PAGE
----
China’s southernmost province of Hainan is popular with pensioners and sun-seeking holidaymakers for its balmy weather and duty-free shopping. It is also popular with agricultural scientists, thousands of whom descend each year to the island to work at its breeding centers.
About the size of Belgium and located on the same latitude as Hawaii, Hainan is central to China’s plans to build up its seed technology and safeguard food security.
The island has unrivalled natural advantages for seed development given its tropical climate, which is conducive for rapid crop growth, according to Li Xiaoyun, a professor with the China Agricultural University. The central government’s recent decision to develop the island into a free trade zone will also help Hainan attract international talent and establish a global center for tropical agriculture research, he said.
“Seeds are to agriculture what microchips are to computing," Li said in interviews with local media on the sidelines of the Bo’ao Forum earlier this month. “Hainan is extremely advantageous in tropical agriculture research and has accumulated a wealth of experience."
Hainan has a long history as a base for agricultural scientific research.
It is home to China’s largest seed breeding center known as Nanfan Agriculture Silicon Valley, located near Sanya, the island’s most popular tourist destination. More than 20,000 crop varieties, or about 70 percent of the country's new crop varieties, have been cultivated in the past 70 years in Hainan, according to China Daily.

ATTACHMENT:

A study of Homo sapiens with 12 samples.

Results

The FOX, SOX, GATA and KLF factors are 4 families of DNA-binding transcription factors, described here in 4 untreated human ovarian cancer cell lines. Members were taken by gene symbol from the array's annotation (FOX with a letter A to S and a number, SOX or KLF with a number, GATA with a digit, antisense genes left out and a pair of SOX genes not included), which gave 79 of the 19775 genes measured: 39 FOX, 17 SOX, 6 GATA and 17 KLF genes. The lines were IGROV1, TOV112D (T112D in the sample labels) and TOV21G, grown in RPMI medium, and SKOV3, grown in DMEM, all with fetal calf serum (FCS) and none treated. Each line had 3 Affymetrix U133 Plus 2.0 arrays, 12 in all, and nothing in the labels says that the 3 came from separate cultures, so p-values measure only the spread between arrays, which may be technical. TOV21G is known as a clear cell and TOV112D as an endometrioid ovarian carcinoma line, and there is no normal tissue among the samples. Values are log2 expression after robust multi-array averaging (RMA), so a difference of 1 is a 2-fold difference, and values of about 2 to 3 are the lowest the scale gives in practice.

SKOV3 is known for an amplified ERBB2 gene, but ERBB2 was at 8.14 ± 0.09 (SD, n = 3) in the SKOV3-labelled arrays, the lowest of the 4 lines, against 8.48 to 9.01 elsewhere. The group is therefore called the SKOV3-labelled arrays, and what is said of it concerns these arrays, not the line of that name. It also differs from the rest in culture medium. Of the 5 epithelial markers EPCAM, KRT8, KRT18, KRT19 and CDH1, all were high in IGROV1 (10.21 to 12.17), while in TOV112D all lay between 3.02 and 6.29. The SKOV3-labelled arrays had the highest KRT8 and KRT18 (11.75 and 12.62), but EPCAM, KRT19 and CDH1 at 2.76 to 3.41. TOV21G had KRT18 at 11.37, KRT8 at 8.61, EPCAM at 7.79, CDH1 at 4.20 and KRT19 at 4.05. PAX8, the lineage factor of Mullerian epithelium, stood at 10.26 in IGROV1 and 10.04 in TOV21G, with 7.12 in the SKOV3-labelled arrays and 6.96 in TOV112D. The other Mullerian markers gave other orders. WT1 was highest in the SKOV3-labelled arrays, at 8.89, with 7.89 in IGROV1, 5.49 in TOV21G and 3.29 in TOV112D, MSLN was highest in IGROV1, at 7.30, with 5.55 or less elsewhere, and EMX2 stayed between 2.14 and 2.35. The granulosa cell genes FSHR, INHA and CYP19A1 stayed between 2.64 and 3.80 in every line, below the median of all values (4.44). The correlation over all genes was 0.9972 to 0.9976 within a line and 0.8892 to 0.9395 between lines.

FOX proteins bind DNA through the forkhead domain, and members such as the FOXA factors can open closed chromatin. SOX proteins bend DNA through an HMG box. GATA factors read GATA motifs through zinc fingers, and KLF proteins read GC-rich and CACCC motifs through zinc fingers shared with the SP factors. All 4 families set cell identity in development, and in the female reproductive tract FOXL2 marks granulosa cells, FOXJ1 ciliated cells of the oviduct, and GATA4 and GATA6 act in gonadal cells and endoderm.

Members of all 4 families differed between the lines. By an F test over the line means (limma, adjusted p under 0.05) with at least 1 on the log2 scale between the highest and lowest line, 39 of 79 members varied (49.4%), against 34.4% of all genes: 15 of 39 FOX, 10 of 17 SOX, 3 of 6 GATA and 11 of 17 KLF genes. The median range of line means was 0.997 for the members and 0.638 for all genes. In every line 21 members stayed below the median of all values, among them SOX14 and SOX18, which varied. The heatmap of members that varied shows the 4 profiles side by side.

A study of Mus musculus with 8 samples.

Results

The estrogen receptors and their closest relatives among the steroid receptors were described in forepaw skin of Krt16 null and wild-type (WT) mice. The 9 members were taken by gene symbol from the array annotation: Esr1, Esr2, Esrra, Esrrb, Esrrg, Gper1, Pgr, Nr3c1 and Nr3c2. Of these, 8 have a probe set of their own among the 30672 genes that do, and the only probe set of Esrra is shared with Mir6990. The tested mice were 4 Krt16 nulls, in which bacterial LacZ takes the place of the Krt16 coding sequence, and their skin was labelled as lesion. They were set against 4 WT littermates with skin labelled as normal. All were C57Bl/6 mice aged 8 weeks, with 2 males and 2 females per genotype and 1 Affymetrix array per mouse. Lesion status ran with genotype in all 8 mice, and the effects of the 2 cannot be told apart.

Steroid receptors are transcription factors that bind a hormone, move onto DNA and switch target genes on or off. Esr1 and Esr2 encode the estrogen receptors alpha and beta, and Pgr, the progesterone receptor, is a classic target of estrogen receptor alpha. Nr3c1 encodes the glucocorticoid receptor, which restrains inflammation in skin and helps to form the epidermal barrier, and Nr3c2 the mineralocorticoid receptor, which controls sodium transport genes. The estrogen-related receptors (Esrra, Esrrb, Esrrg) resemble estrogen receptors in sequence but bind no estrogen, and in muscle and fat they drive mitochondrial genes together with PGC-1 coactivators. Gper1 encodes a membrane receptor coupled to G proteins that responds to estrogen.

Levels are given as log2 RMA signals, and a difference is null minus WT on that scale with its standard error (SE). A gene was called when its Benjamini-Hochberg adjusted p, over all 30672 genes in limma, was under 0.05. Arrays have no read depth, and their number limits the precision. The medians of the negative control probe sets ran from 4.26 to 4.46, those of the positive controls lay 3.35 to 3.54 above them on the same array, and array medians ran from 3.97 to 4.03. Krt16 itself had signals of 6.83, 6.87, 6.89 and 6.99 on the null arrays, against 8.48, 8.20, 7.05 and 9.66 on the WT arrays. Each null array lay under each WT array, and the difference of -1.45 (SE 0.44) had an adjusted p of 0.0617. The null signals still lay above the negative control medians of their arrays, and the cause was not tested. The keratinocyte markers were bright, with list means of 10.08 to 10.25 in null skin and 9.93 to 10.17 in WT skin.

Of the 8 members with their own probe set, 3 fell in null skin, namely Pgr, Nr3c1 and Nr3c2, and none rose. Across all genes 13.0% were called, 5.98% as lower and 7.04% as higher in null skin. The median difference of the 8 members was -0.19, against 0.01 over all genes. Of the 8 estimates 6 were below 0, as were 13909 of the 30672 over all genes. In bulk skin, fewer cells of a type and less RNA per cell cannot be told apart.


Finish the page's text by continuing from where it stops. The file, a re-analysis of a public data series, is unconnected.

It was in Hainan in 1970 that Yuan Longping, the agronomist dubbed the “father of hybrid rice” first discovered a wild rice species that he subsequently cultivated into high-yielding rice strains.
Breakthroughs by scientists like Yuan have enabled China to record 17 consecutive years of bumper harvests in grain production, with grain output exceeding 650 billion kilograms for six years in a row, official data showed.
Even so, the government has warned that it faces many weak links in germplasm resource protection and breeding technologies, which are critical to safeguarding food security.
The country's seed industry also lacks originality in fundamental research, cutting-edge and core technologies, said Wan Jianmin, vice-president of the Chinese Academy of Agricultural Sciences, according to Xinhua News Agency.
There are more than 5,000 seed companies in China, but they are mainly small in scale and weak in innovation, according to Wan. Their combined research and development investments in 2018 were also much smaller than that of Monsanto, the US agricultural biotechnology company acquired by Bayer in the same year, Wan said.
Hainan will play a crucial role in China’s seed ambitions.
On June 1, 2020, the central government released a master plan for the construction of the Hainan Free Trade Port. Among its list of major pioneering projects is the development of an introduction and transfer center for global animal and germplasm resources and the Nanfan seed breeding base.
Last month, the Ministry of Agriculture and Rural Affairs agreed to build a special zone for seed intellectual property right protection and exchange in Nanfan to facilitate innovation. The government also decided to simplify the approval process for import and export license of crops and encourage cooperative research with overseas institutions.
The province is planning to grow its seed industry output value to 50 billion yuan ($7.68 billion) by 2025, according to Hainan Daily.